Obama creating panel to study federal deficit
President sidesteps gridlocked congress
WASHINGTON – President Barack Obama on Thursday plans to sign an executive order establishing a bipartisan commission to recommend ways to rein in the nation’s escalating federal debt.
University of North Carolina President Erskine Bowles, a Democrat, and former Wyoming Sen. Alan Simpson, a Republican, will lead the panel.
Obama turned to the executive order after Congress last month failed to pass its own bipartisan plan creating a debt commission.
The most recent estimates put the annual federal budget deficit at $1.56 trillion this year, and the national debt at $8.8 trillion, or 60 percent of gross domestic product, the annual value of the nation’s goods and services. The debt-to-GDP ratio is expected to climb to 72.9 percent by 2015, and history suggests that such huge debt slows a nation’s economic growth and hurts its standard of living.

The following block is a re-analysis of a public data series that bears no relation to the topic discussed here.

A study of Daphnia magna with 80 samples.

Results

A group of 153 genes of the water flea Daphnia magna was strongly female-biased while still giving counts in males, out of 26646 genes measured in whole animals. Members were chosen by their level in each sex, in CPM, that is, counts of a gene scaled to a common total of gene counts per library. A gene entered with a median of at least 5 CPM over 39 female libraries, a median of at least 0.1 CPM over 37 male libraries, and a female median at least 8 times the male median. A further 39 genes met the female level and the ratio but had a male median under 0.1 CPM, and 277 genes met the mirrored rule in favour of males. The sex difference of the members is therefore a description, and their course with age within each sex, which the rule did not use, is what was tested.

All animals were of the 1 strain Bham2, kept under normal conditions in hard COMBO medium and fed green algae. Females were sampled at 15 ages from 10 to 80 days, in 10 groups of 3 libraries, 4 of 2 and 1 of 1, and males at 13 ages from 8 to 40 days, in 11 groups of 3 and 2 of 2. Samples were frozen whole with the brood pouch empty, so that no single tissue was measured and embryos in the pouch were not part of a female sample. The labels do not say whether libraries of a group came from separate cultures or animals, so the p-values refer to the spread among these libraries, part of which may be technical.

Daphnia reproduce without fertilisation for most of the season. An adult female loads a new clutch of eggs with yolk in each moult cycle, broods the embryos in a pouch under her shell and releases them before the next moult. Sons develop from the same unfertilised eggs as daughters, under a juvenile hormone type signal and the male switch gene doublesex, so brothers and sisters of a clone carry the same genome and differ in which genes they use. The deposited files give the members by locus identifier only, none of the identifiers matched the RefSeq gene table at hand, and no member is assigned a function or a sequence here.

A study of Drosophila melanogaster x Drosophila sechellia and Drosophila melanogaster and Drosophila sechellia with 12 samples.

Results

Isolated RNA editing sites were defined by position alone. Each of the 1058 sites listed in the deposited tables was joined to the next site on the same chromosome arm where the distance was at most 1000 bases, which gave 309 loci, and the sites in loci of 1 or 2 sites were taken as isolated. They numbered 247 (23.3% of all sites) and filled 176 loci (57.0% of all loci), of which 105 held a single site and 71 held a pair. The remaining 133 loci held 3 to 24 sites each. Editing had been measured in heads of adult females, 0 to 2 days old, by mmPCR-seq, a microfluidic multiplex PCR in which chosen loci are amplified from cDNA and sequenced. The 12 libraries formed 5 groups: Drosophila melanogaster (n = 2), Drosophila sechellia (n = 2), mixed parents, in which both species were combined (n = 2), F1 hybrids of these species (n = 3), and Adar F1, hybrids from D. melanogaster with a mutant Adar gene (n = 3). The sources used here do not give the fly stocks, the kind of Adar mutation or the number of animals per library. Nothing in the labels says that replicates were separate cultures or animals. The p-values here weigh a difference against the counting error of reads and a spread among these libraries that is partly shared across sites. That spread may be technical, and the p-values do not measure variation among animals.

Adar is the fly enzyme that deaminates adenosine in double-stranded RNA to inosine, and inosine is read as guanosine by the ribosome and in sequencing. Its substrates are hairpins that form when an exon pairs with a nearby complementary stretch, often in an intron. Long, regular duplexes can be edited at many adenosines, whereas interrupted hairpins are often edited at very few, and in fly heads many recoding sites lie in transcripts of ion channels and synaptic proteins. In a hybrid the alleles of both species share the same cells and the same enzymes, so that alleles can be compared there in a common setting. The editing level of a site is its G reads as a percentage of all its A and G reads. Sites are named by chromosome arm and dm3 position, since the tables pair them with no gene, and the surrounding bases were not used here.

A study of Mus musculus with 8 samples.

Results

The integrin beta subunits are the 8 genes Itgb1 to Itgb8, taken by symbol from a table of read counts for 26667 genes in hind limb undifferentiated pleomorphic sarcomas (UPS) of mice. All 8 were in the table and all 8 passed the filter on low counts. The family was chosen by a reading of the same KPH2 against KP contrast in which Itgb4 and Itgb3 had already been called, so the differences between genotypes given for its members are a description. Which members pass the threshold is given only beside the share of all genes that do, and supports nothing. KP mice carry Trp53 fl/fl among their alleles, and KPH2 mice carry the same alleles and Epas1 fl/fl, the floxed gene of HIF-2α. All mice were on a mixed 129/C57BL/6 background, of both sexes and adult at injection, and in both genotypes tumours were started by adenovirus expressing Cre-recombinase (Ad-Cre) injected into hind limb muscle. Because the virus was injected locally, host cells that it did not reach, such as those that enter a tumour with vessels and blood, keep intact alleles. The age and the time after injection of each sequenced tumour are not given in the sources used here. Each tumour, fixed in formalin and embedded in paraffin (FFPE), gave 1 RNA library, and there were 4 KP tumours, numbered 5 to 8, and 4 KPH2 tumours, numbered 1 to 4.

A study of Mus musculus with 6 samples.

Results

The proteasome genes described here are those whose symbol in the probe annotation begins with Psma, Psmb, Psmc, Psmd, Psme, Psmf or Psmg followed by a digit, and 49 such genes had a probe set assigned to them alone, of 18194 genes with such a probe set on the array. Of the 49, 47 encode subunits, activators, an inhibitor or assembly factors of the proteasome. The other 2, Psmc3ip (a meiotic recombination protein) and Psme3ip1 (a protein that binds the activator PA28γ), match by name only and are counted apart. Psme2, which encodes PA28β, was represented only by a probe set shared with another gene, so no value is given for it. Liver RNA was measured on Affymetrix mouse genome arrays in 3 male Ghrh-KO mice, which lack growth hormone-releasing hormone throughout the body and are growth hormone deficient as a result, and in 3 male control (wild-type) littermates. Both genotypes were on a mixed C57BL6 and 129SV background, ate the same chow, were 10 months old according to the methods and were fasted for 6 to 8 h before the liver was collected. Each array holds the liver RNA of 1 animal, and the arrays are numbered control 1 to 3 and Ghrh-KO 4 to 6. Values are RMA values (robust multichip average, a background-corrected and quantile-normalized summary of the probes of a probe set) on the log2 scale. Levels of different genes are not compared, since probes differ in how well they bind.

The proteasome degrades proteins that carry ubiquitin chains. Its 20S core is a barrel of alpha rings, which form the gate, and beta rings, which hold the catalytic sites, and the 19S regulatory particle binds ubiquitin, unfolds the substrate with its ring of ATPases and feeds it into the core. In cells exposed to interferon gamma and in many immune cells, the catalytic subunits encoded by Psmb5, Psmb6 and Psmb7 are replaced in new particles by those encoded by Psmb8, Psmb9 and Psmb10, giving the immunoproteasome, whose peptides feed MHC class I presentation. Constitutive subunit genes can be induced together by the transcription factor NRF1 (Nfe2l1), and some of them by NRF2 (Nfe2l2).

White House aides declined Tuesday to discuss the specifics of the forthcoming order.
A debt commission with teeth could force congressional votes on changes in politically sensitive programs that lawmakers are traditionally reluctant to change – and that are headed toward insolvency – such as Medicare and Social Security.
In Bowles and Simpson, Obama is tapping two Washington veterans, both of whom were deeply involved in reaching bipartisan budget deals in the 1990s.
Simpson, 78, was a three-term senator who worked across the aisle with Democrats and chaired a Senate subcommittee on Social Security. He’s also a longtime friend of former Vice President Dick Cheney, a top critic of the Obama administration.
Bowles, 64, was President Bill Clinton’s chief of staff from 1996 to 1998 and a key player in getting a 1997 bipartisan budget agreement. He also previously headed the Small Business Administration.